This generation's villainous organisation is Team Skull, nu-metal rejects that speak in awful rhymes and with no-one really taking them seriously. They're desperate for you to be scared, but they come off as a joke, but it's a self-aware one and their melodrama whenever you encounter them is endearing. Team Skull is emblematic of the quality of the characterisation and writing in the game, which is uniformly strong. You'll meet a variety of interesting characters and it's an enjoyable romp, and good background noise as you try to finish your Pokédex. Also, your Pokédex talks now, as a Pokémon lives inside it.
I laughed at the game several times, and the story is much more hands on, often giving you little waypoint markers on your bottom screen mini-map so that if you come back to game for a quick 15-minute burst you still have a sense of where you're going. The more involved story and increased amount of cut-scenes hits the pacing somewhat, and most of your time initially is spent trudging through tutorials as information is thrown at you. It's 10 minutes or so before you choose the starter Pokémon you want, and the game didn't fully open up for me for a couple of hours.
Part of this is probably down to gaming's proclivity for tutorials becoming much more pronounced in the last eight years, but it makes the game quite slow to start and it wasn't until I left the game's first island, after between eight and 10 hours of Pokémon Sun, that I felt like I was starting to get into the game's rhythm.
Once you're settled in, however, the positive changes are numerous - the game has finally gotten rid of the HM system and replaced it with a small in-game button, similar in appearance to an Amazon Dash button. This little gadget summons a variety of Pokémon to do your bidding in PETA-baiting ways, whether it's breaking rocks with a Tauros or riding the waves on the back of a Lapras.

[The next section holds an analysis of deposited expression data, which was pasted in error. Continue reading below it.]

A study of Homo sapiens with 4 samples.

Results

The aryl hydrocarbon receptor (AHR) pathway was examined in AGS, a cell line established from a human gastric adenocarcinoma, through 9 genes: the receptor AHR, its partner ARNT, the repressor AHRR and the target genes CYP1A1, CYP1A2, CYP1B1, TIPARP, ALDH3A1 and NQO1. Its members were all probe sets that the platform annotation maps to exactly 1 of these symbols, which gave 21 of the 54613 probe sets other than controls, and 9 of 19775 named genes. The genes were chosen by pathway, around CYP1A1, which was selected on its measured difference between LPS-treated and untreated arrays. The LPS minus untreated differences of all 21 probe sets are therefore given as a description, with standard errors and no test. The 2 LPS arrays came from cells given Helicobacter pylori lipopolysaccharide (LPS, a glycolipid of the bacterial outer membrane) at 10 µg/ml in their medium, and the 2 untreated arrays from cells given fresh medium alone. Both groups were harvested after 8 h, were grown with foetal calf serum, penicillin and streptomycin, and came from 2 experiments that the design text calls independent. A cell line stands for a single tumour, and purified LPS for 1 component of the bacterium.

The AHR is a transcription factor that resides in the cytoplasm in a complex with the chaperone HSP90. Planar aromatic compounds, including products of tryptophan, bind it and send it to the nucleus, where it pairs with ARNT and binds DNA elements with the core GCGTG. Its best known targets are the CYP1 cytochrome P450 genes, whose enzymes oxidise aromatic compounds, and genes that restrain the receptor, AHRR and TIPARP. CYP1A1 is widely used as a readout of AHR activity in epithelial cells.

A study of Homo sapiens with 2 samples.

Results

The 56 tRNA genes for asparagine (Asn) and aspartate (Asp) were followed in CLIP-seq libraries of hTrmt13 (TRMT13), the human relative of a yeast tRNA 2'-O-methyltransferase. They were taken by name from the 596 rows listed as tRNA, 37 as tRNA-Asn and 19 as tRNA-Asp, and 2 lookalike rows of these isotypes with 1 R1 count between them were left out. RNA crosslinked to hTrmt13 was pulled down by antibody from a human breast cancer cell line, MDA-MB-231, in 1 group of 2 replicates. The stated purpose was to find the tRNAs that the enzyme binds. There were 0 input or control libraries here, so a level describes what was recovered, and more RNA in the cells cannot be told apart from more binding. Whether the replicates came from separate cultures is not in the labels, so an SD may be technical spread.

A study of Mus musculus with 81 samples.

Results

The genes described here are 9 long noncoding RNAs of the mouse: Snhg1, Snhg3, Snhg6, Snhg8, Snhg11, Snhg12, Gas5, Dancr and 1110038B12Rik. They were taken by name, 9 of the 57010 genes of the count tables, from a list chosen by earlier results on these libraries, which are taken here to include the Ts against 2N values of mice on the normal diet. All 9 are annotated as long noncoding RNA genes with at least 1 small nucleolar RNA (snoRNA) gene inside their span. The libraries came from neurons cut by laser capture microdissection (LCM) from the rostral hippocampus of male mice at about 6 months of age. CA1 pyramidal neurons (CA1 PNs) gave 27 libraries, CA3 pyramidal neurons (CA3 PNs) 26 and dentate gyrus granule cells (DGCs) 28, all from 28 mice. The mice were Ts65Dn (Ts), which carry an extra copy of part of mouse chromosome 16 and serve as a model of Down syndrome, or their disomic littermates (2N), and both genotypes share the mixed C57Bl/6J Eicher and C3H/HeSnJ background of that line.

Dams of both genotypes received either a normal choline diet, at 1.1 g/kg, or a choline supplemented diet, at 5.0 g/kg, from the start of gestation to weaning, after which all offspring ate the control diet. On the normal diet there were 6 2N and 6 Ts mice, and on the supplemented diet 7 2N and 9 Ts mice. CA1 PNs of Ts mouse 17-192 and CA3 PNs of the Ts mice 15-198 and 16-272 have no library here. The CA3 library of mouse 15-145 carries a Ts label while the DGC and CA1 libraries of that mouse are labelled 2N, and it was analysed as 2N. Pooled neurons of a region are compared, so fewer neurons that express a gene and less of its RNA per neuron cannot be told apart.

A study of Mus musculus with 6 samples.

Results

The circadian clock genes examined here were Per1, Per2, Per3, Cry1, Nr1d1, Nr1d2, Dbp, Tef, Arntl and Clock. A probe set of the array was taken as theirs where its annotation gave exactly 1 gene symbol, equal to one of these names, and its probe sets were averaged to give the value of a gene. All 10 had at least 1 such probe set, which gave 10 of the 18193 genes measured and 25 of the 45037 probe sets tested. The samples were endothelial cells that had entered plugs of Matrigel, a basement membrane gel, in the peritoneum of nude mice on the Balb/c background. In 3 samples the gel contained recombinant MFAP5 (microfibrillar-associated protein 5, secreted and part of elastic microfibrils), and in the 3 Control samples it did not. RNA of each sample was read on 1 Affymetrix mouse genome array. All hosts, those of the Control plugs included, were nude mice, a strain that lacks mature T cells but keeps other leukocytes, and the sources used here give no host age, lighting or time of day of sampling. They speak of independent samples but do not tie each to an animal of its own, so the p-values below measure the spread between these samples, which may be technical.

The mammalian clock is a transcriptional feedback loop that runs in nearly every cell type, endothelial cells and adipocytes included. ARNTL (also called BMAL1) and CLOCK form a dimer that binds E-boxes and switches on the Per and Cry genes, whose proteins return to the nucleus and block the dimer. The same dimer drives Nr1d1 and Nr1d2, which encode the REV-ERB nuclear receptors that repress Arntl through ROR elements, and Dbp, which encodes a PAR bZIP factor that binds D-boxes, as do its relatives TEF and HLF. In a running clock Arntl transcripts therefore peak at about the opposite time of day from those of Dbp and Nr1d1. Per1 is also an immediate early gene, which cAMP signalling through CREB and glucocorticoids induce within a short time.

This means you don't have to fill your team with utility Pokémon you hate but took care of your need for cut, fly or surf. This is handy, because there are also some genuinely interesting Pokémon in this iteration, for a change. The series was starting to be bloated with some pretty pants additions
to the Pokémon canon,
but here the additions are fairly decent, with Alolan variants of popular original generation Pokémon bringing new twists: Vulpix, the fire fox Pokémon, is now Vulpix the ice fox Pokémon; Rattata has a hipster moustache now.
Pokémon Sun isn't a total reimagining: Locking eyes with another trainer will drop you guys into battle, the caves are still full of Zubats flitting and flapping around the place and you'll still be walking through long grass swearing as you get interrupted by another bug Pokémon you've already caught, but there's a lot of new stuff here and all of it is polished and comes off well, despite the slight technical issues and more sedate pace. Some players might even find themselves annoyed with the game's obsession with accessibility and explaining everything you're up to, preferring to uncover some of the mystery for themselves, but all of those high-end hidden systems like EV training and breeding your way to the most difficult of Pokémon are still tucked away in there for the die-hards to pick back up.
I'm not suggesting anyone buy a 3DS for the game, unless you're already a big fan, but it's a solid RPG and, due to its central mechanic, quite a unique proposition. I'd thought myself feeling burnt out on the cutesy hairstyles and general tweeness of Japanese RPGs, but Pokémon has seen me carrying my 3DS around the house, dipping into it whenever I can spare a moment, much to my partner's annoyance.
If that's not a strong recommendation, I don't know what is.